A few years ago, we doctors kept handwritten charts about patients. Back then, it sometimes seemed like we spent half our time walking around looking for misplaced charts, and the other half trying to decipher the handwriting when we found them. The upside was that if I did have the chart in front of me, and I saw that someone had taken the trouble to write something down, I believed it.
Unfortunately, this is no longer the case. The advent of electronic medical records has been a boon to patient safety and physician efficiency in many ways. But it has also brought with it a slew of "timesaving" tricks that have had unintended consequences. These tricks make it so easy for doctors to document the results of standard exams and conversations with patients that it appears more are being documented without ever having happened in the first place.
For instance, doctors used to have to fill out a checklist for each step in a physical exam. Now, they can click one button that automatically places a comprehensive normal physical exam in the record. Another click brings up a normal review of systems — the series of questions we ask patients about anything from nasal congestion to constipation.
Of course, you shouldn't click those buttons unless you have done the work. And I have many compulsively honest colleagues who wouldn't dream of doing so. But physicians are not saints.
Hospitals received $1 billion more from Medicare in 2010 than in 2005. They say this is largely because electronic medical records have made it easier for doctors to document work and be reimbursed. That's probably true to an extent. But I bet a lot of doctors have succumbed to the temptation of the click. Medicare thinks so, too. This fall, the attorney general and secretary of health and human services warned the five major hospital associations that this kind of abuse would not be tolerated.
Then there are the evil twins, copy and paste. I've seen "patient is on day two of antibiotics" appear for five days in a row on one chart. Worse, I've seen my own assessments of a patient's health appear in another doctor's notes. A 2009 study found that 90 percent of physicians reported copying and pasting when writing daily notes.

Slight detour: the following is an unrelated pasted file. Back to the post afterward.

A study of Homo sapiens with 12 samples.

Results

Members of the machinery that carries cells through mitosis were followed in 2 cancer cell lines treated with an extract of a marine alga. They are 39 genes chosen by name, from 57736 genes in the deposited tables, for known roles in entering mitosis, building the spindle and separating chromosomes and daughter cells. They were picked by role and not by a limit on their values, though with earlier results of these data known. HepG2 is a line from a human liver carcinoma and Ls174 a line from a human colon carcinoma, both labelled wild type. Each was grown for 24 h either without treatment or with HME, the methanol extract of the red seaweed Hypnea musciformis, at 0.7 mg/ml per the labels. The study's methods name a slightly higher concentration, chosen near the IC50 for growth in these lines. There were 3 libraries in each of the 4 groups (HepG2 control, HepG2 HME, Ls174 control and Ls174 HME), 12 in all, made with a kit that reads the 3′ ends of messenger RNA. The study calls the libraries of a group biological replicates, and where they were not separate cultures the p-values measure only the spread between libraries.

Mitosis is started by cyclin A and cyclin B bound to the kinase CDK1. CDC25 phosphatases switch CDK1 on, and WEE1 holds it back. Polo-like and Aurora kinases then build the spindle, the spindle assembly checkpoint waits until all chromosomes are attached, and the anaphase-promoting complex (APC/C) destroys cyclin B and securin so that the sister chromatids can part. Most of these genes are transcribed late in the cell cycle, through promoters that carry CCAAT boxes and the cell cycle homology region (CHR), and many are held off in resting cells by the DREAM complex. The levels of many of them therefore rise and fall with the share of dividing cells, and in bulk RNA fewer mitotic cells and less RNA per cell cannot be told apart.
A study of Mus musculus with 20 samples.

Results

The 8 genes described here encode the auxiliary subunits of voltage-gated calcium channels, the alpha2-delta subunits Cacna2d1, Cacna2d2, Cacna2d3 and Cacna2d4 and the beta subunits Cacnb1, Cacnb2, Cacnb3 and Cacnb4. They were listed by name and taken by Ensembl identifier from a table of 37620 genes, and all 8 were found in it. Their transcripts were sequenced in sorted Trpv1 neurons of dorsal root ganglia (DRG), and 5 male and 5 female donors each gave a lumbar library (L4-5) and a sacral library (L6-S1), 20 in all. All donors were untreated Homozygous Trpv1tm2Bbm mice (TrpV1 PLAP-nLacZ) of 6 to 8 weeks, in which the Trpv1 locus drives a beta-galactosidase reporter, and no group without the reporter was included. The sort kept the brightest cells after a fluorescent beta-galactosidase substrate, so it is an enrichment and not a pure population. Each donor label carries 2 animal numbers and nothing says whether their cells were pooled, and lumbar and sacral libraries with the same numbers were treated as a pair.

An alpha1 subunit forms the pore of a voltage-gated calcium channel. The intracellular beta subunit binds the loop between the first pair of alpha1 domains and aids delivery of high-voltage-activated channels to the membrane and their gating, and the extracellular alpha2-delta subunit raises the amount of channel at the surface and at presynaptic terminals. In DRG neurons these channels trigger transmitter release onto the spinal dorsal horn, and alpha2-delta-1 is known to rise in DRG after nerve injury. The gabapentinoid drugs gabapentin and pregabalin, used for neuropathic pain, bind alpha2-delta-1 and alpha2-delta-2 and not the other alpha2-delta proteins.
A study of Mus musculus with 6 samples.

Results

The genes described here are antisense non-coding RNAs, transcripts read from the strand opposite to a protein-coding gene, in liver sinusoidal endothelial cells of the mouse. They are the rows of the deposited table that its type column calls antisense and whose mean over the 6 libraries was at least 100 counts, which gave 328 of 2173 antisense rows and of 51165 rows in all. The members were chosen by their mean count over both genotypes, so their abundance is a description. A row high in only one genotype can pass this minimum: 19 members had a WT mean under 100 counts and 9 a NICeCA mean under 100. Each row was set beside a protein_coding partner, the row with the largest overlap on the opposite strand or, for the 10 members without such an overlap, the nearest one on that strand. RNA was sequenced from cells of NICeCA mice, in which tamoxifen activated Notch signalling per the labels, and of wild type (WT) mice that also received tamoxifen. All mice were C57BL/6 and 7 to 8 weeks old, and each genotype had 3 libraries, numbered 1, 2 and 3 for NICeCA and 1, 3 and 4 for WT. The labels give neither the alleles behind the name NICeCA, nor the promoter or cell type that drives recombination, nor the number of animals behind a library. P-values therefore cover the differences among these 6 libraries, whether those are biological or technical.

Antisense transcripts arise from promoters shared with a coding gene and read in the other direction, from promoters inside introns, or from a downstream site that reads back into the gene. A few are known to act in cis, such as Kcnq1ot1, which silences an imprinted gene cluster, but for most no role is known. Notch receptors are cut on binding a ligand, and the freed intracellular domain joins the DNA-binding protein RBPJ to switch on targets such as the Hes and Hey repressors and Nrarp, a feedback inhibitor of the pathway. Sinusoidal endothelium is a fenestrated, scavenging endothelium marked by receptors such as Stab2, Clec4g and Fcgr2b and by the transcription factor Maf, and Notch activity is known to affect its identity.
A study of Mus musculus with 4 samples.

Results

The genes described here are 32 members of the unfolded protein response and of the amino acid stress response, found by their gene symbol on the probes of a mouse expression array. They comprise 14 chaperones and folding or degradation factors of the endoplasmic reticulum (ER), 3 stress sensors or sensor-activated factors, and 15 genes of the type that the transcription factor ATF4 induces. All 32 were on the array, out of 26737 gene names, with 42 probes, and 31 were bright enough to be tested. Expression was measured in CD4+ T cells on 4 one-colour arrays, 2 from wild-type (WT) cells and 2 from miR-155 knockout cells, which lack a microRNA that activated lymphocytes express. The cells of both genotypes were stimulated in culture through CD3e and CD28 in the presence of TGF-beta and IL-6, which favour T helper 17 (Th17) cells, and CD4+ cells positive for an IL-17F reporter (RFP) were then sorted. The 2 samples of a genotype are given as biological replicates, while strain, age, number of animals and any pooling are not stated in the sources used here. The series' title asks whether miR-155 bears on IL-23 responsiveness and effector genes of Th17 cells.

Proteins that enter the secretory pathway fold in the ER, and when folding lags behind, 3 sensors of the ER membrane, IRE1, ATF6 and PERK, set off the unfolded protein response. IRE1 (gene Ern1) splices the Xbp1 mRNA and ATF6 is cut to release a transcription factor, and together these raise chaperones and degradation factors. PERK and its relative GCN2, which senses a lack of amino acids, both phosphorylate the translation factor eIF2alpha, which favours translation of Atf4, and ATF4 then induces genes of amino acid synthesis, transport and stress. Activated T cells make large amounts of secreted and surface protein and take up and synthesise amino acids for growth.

Reading the electronic chart has become a game of looking for a small needle of new information in a haystack of falsely comprehensive documentation and outdated, copied text. Why do we doctors do this to ourselves? Largely, it turns out, for the same reason most people do most things: money.
Doctors are paid not by how much time they spend with patients, how well they listen or how hard they think about what could be wrong, but by how much they write down. And the rules for what we have to write are Byzantine: Medicare's explanation takes 87 pages. To receive the highest level of payment for an office visit, I have to document several aspects of the main problem, screening questions about at least 10 organ systems, something about the patient's family and/or social history, and/or a lengthy physical exam. In addition, I have to demonstrate that my medical decision making was very complicated, considering the number of possible diagnoses and treatments, the complexity of the data and/or the patient's risk of serious complications. That type of visit is supposed to take about 40 minutes.
I recently spent 40 minutes with a patient who had just placed her mother into hospice. My patient was distraught, not sleeping. I gave her advice, but mostly I just listened. By the end of our visit, she was feeling much better. But I wouldn't be able to bill much for that visit: I didn't review her medical or family history, conduct a review of organ systems or perform a physical exam. The payment system tells me to cut her off after 10 minutes, listen to her heart and give her a sleeping pill. Which doctor visit would you prefer?
Of course, I would never go back to the bad old days of lost charts, illegible writing, manual prescription refills and forgotten information. Electronic medical records help us avoid dangerous drug interactions and medical ordering errors, remind us to provide preventive care and allow us to view data as trends over time. Even copy and paste have legitimate uses.
But physicians need to be better stewards of our records so they remain useful, regardless of skewed incentives and new technology. And as a nation, we should question whether paying physicians by documentation — instead of by time spent on quality patient care — is such a great idea after all.
Leora Horwitz, a primary care internist, is an assistant professor at the Yale School of Medicine. This piece originally ran in the New York Times.